Breaking Down the New California IoT Law

Recently California passed legislation regarding the security of all IoT devices sold in the state. As of January 1, 2020, all IoT products will be required to have reasonable security features in place to protect the device -- covering everything from unauthorized access, destruction, and use to modification and disclosure. The new law specifies that “reasonable security” will include an authentication process that doesn’t rely on a local network, force unique passwords for each device and require users to create new credentials before gaining access. The legislation defines IoT devices as any device with an IP or Bluetooth address that can connect to the internet. So, does it actually have much teeth, and will it make us safer?

We believe that the California Law in itself will not dramatically improve security of devices or safety for consumers. It is a recognition of the problem, and as such, will hopefully create an increase in visibility of the security needs and potential long term loss due to failure in the court of public opinion. But it falls short in a few key ways:

  • The risk of this legislation is confusion. It may send a signal to vendors and businesses that simply setting a custom password constitutes a "reasonable" protection of data.
  • Furthermore, the California legislation really has no ‘teeth’ that would cause vendors to easily predict the hard, direct cost of violation, as you have with other legislation, like GDPR, enacted in the EU earlier this year. As such, vendors may decide it’s worth the risk of non-compliance, until California or others provide specified penalties for such actions.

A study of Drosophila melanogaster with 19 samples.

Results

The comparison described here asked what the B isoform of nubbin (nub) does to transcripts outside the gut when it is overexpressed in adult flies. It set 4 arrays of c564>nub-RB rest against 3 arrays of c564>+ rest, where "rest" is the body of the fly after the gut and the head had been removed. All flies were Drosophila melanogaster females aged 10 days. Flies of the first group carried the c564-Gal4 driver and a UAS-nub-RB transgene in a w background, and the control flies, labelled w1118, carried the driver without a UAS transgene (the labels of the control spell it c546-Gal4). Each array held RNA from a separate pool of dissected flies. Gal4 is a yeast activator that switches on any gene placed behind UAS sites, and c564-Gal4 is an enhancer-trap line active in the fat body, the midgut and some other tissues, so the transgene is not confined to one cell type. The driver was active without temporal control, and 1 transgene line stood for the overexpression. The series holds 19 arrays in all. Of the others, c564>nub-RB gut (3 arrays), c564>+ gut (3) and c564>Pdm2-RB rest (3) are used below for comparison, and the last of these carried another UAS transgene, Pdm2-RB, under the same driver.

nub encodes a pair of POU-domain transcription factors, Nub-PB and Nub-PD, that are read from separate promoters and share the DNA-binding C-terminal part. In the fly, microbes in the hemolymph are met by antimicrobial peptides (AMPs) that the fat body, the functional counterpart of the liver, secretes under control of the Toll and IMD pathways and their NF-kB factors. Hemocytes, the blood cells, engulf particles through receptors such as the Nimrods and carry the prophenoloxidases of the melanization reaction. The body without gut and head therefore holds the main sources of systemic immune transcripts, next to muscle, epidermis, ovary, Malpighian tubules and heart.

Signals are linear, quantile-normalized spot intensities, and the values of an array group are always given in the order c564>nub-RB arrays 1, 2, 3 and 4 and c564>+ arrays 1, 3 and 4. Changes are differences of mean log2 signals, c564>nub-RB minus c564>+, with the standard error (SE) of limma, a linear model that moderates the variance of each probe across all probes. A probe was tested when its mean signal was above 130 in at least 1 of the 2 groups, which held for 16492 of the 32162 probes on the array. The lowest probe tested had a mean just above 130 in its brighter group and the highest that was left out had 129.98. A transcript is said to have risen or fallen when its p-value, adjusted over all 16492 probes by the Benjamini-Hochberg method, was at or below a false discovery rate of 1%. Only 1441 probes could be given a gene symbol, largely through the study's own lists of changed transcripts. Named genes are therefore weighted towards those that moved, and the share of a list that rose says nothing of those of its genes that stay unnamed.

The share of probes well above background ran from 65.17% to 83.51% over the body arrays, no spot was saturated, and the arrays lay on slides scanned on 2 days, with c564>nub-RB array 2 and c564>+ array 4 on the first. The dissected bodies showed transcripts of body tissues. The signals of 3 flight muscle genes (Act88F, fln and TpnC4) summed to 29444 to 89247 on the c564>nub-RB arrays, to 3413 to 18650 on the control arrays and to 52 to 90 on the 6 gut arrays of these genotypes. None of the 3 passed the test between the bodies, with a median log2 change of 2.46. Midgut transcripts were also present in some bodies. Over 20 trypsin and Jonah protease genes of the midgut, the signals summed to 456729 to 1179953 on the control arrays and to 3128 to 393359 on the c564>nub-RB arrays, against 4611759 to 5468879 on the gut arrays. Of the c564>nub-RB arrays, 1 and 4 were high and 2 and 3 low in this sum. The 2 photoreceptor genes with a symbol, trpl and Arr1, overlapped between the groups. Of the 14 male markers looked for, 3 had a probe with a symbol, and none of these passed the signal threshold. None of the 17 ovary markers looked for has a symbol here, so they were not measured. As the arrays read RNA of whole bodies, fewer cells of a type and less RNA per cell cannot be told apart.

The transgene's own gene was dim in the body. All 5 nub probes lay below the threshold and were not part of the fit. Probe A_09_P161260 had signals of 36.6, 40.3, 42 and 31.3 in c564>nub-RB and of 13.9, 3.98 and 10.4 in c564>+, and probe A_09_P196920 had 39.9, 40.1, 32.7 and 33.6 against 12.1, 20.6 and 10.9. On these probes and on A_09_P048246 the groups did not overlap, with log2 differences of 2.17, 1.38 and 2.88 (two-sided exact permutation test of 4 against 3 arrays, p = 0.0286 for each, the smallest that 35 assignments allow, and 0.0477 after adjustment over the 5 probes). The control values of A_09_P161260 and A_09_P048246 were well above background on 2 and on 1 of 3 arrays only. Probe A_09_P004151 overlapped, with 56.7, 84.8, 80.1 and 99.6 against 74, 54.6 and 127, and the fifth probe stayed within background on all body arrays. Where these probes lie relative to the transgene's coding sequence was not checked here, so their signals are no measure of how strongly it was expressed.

Recommendations

Consumers need to increase their concerns and expectations of vendors around security. Today desirable behavior far outweighs the need for security in the mind of the early adopters driving sales of many consumer IoT devices, and the risks are not in the general consciousness.

Consumer protection and privacy organizations, in addition to leading security vendors, need to increase the visibility of security needs and the things consumers of technologies need to do on their own to decrease their chances of direct loss or of being part of a bot network that has an impact on another business or society.

And state and national legislatures need to consider evaluating the current legislation as a good first step, but augmenting it with specific penalties that will force compliance, and making it clear that this does not fully exclude manufacturers from responsibility. The law is vague and opens the door for confusion and misinterpretations of ‘reasonable security.’ Organizations need complete visibility into their devices, applications and networks in order to successfully protect customer data and navigate today’s dynamic threat landscape.

Rusty Carter

Rusty Carter is a security software executive with over 20 years experience, and the current Vice President of Product Management at Arxan Technologies, an application security company that provides application shielding and protection against reverse-engineering and tampering to the world’s largest companies. Prior to Arxan, Mr. Carter led product management at Symantec, McAfee, and Pulse Secure (formerly Juniper), and was responsible for the introduction and growth of multiple new products and lines of business. Mr. Carter holds international patents in the fields of information security, AI / machine learning, telecommunications, mobile devices, and user interaction. Mr. Carter’s background includes system and software architecture, engineering, and has a bachelors degree in Psychology from the University of Arizona.